Editor's note: Alloro closed in February 2015.
Alloro is part of the same restaurant group as Zafferano, and some similarities are evident, even down to the style of the menu. Alloro opened in 2000 and has been producing carefully executed Italian food since then, though it seems beneath the radar of the London food press. I hadn't been for many years and so a revisit was long overdue. Chef Daniele Camera, originally from Turin, has been head chef here for several years. Three courses at dinner cost £39 (with a few supplements for costlier ingredients). The fairly narrow dining room has wood block floor, plain white walls and a bar to one side. Tables are a decent size but are closely packed together, with linen tablecloths and napkins. It is a measure of the success of the formula that on a Monday evening the place was packed.
The wine list was, as at Zafferano, almost entirely Italian, and is just as unkind in its mark-up levels. Although I saw one wine at £28 the prices climbed swiftly. Examples were Dolomiti Cesconi Pinot Grigio 2009 at £48 for a wine that you find in the high street for £14, Isole e Olena Syrah 2006 at £90 for a wine that you can buy for £31, and Jermann Dreams 2009 priced at £120 for a wine that retails at £37. Grander wines are no less marked up, with such as Antinori Tignanello 2008 at £150 compared to a retail price of £52 and Sassacia Tenuto San Guido 2000 at £420 for a wine you can find for £133. Mineral water was £3.75 a bottle.
A nibble of salt cod fishcake was served with a little sauce flavoured with mustard and lemon. This was a really well-made dish, the cod carefully cooked, the batter crisp, the sauce well balanced (16/20). Bread was also pleasant, with soft focaccia and ciabatta. My starter of salad of suckling pig was nicely presented, the pork sliced very thin and topped with dressed salad leaves, the dressing having enough acidity to cut through the richness of the pork (15/20). Similarly good was a salad of crab, with ripe avocado with a tomato sauce and a garnish of fried soft shell crab. The tomatoes had good flavour and the crab meat was carefully prepared (entirely free of shell) and was of good quality (easily 15/20).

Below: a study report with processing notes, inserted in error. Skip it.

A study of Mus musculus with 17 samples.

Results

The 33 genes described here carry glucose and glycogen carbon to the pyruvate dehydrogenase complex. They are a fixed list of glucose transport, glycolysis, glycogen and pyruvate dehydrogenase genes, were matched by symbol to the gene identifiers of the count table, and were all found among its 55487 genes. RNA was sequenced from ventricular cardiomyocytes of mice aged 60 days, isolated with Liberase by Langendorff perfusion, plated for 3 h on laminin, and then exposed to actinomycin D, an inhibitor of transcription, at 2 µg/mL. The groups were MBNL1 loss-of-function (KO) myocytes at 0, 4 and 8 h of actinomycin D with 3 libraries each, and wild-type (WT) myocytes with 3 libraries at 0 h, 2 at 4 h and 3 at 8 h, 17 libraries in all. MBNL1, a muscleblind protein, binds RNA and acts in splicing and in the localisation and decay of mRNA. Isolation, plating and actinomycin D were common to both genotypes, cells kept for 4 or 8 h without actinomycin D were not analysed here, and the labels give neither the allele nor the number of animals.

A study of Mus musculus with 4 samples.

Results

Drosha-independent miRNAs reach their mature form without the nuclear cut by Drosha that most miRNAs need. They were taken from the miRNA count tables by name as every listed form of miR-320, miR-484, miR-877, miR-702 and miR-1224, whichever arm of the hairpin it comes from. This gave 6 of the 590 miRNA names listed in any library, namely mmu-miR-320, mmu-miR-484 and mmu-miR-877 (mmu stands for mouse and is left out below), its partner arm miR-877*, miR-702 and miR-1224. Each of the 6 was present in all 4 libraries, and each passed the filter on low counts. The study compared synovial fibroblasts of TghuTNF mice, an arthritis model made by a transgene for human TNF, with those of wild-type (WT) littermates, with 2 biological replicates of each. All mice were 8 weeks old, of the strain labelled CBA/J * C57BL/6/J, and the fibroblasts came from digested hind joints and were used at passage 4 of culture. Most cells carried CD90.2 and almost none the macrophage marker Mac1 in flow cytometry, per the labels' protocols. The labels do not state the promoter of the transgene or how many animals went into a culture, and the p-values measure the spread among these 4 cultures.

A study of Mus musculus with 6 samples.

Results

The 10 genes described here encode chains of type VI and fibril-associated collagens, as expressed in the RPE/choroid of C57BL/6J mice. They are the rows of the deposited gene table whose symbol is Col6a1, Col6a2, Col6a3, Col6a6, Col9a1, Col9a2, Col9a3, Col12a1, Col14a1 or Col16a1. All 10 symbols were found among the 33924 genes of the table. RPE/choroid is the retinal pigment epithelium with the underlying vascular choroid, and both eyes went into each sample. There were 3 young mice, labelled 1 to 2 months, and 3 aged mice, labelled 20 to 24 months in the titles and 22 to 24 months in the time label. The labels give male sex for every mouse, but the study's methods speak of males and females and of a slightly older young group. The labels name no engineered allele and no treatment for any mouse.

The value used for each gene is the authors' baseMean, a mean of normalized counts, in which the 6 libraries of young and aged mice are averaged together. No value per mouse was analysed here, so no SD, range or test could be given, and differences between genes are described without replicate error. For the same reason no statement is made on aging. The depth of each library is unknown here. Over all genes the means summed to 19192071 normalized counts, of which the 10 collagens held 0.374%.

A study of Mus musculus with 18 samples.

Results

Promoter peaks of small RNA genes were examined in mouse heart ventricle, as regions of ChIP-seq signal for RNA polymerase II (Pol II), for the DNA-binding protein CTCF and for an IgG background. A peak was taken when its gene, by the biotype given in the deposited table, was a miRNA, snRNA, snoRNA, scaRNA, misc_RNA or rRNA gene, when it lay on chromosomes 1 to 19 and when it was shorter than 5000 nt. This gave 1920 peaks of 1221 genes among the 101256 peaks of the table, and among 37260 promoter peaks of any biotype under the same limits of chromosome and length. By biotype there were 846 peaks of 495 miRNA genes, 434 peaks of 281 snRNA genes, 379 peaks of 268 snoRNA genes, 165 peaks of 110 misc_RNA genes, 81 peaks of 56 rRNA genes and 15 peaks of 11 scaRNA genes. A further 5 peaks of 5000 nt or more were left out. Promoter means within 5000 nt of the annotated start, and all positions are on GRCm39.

We were unable to resist the lure of white truffles, in this case shaved over tagliarelle pasta, a thin pasta made from eggs, semolina and durum wheat. The pasta was very good, though it seemed to me a little too buttery (15/20). My dessert was nougat parfait with little dots of chocolate sauce, prettily presented. The nougat had excellent texture, and was thoroughly enjoyable (16/20). Tiramisu did not have as much coffee taste as it might have done, but was pleasant (14/20). Espresso coffee had good, strong flavour.
Service was much less slick than at Zafferano. Though our table was placed near the main flow of waiters, topping up was erratic at best, and getting attention was problematic as waiter after waiter sailed serenely past our table, which appeared practically invisible to all but one waiter. A particularly bizarre example of the service occurred when we finished our nibbles, and the waiter carefully removed our used cutlery so we could reuse it for the next course. This might be acceptable at a student dinner party where there are insufficient knives and forks to go round, but absurd at a restaurant at this level of price and formality.
The bill came to £154 per head, but that is not representative since it included two hefty truffle supplements and a quite good wine. With more normal consumption and modest wine the bill is likely to be in the range of £80 per head. This is hardly a bargain, but the level of cooking is high.